This past Sunday our very own Andrew Flax argued against the Nationals pursuing free agent starting pitcher Joe Saunders. Andrew’s argument centered on two factors – Saunders’ lack of experience in high pressure situations and the fact that 2011 may have been an aberration compared to his career norms. While Andrew’s argument is a justifiable one, it would seem as though it is just one of the many arguments out there on the very subject.
Over at The Nats Blog, Joe Drugan came to the opposite conclusion regarding Saunders. He focuses on Saunders’ track record throwing a lot of innings while recognizing that his peripheral stats aren’t overly dominating. Though he does note that Saunders is relatively young and could be a serviceable stopgap while the team waits for next winter’s crop of free agent starting pitchers. While Joe’s Editor, Will, makes it known in the comments that he disagrees – referring to Saunders as a “less talented John Lannan” – but it does present an interesting discussion on the matter.
There are numerous factors that need to be taken into consideration here when it comes to gauging how the team should approach Saunders. First, as both sides mention, Saunders is originally from nearby Falls Church, VA. He grew up in the Washington area and spent his collegiate career pitching at Virginia Tech. He’s a local kid, which holds a certain appeal to both player and team. Saunders could pitch at baseball’s highest level in his own backyard. While the team simultaneously gets the added draw for the fans to witness the hometown kid. It’s a nice part of the story, but ultimately this isn’t truly a factor that is going to significantly sway the organization one way or another.
Saunders was 12-13 with a 3.69 ERA during the 2011 season with Arizona. He added a 1.307 WHIP, 8.9 H/9, 2.8 BB/9, and 4.6 K/9 in 212.0 innings. For a point of comparison, the best season of Saunders’ young career was likely 2007. He went 17-7 with a 3.41 ERA that year, adding a 1.212 WHIP, 8.5 H/9, 2.4 BB/9, and 4.7 K/9 in 198.0 innings. Aside from the win/loss totals the two seasons were relatively similar, suggesting that his 2011 campaign wasn’t quite an aberration after all.
The left-hander has pitched over 186.0 innings each of the past four seasons – a trait that Mike Rizzo has made it clear he values in any potential starting pitching acquisitions. But with that durability has come a mixed bag of peripheral results. Saunders has trouble limiting baserunners – as evidenced by his career WHIP, BB/9, and H/9 marks – and has never truly possessed much of a strikeout tendency – aside from brief stints in the minor leagues during the 2002 and 2007 seasons.
Over his MLB career he’s averaged roughly 15 wins a season with an ERA just over 4.00, but there seems to be an absence of any overly dominating traits that lead me to believe that Saunders would be a better option that anyone the Nationals currently have internally. John Lannan and Ross Detwiler are currently the two left-handers that figured to play a role in the team’s 2012 rotation. Coincidentally, they’re the same two pitchers who Saunders could potentially replace if he were to sign with Washington.
Lannan holds a career 4.00 ERA in 751.0 innings, with H/9, BB/9, K/9, and WHIP rates very similar to those of Saunders’ career averages. He’s three years younger and under team control for an extra year. He also will likely cost less in 2012 than Saunders did in 2011. I’m going to have to agree with Will’s initial assessment, Lannan’s the better option.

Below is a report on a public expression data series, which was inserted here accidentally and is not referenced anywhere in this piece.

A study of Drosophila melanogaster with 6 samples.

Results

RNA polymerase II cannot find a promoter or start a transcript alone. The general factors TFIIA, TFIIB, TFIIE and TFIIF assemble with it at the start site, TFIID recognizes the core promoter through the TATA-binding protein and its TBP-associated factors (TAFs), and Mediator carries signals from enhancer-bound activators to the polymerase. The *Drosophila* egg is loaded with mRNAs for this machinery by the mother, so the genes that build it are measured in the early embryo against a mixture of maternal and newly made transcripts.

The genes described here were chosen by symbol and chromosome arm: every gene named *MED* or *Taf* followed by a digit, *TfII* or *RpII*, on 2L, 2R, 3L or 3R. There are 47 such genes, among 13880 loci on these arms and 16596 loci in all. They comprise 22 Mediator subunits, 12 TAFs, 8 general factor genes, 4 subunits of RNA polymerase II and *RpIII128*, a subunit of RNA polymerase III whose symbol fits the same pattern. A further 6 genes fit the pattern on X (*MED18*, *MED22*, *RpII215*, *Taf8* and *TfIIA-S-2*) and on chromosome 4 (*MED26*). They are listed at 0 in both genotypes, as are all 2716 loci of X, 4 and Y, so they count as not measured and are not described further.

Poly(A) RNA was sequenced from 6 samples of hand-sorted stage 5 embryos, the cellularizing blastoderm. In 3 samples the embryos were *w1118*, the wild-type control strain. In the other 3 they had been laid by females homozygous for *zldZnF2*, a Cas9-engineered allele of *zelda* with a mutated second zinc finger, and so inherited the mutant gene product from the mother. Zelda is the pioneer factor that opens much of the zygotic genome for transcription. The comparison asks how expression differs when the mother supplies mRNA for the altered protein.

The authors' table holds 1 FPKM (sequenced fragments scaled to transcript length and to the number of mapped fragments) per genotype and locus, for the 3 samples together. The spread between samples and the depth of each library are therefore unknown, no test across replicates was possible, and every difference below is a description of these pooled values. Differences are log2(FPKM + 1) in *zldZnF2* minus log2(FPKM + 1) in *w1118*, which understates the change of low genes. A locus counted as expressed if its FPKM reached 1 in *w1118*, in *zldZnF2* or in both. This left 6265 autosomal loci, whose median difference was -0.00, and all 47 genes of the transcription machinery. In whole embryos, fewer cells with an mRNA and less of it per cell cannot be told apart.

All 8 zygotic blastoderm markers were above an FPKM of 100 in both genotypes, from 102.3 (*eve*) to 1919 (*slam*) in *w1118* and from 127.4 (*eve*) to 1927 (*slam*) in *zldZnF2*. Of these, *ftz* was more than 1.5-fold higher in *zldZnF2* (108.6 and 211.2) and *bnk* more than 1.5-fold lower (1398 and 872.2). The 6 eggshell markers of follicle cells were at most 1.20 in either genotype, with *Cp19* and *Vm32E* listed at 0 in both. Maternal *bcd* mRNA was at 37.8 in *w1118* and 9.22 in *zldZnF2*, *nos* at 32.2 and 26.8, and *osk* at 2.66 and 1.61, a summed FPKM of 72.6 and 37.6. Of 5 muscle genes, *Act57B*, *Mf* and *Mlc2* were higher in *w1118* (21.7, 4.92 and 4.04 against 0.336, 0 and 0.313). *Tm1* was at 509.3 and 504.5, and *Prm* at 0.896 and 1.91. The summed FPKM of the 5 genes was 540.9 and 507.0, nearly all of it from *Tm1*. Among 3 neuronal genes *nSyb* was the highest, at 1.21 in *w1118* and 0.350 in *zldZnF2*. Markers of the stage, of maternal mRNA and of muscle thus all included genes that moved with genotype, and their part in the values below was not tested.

As for Detwiler, he’s even two years younger than Lannan and will be under team control for an additional two seasons. He doesn’t have nearly the experience that either Saunders or Lannan have to date, as Detwiler has only pitched a total of 172.1 innings in his career. Yet, he too holds similar career marks in ERA, WHIP, H/9, BB/9, and K/9. He may be out of options this Spring, but right now I’m inclined to think that he too would be a better option than Saunders.
Saunders is not a terrible pitcher, but we do not have the luxury of always viewing performance in a vacuum. Despite the numbers and statistical analysis, the fact remains that there was a reason for Saunders being non-tendered by the Diamondbacks: he wasn’t worth the salary he would have cost. Ultimately, this is the factor that will end up reigning supreme when it comes down to whether or not the Nationals should, or will, pursue signing him.
Arizona paid Saunders $5.5 Million in 2011, terms the two sides agreed to last January to avoid arbitration. This winter he would have been eligible for arbitration for the final time before reaching free agency at the end of the season. Most projections seemed to have his likely 2012 salary somewhere in the neighborhood of $7.5-8 Million – a figure that the Diamondbacks were clearly not looking to pay. Leading up to the non-tender deadline there were rumblings that the two sides were nearing an agreement on a two year deal, which would have bought out Saunders’ first year of free agency, but since the sides parted ways there has been little evidence that a deal is close. The left-hander has, however, been linked to a number of teams in both the AL and NL, which quite frankly isn’t a big surprise considering nearly every organization is always on the hunt for starting pitching depth.
Saunders may still be a serviceable pitcher in the Major Leagues and I don’t doubt that he will be given an opportunity to start somewhere, but it would seem as though Andrew and Will were both correct here: Washington just isn’t where that is going to take place. The left-hander is a marginally more established pitcher than the team’s two current options – two pitchers who are younger, under team control for longer, and will cost less. That alone seems reason enough to pass on Saunders.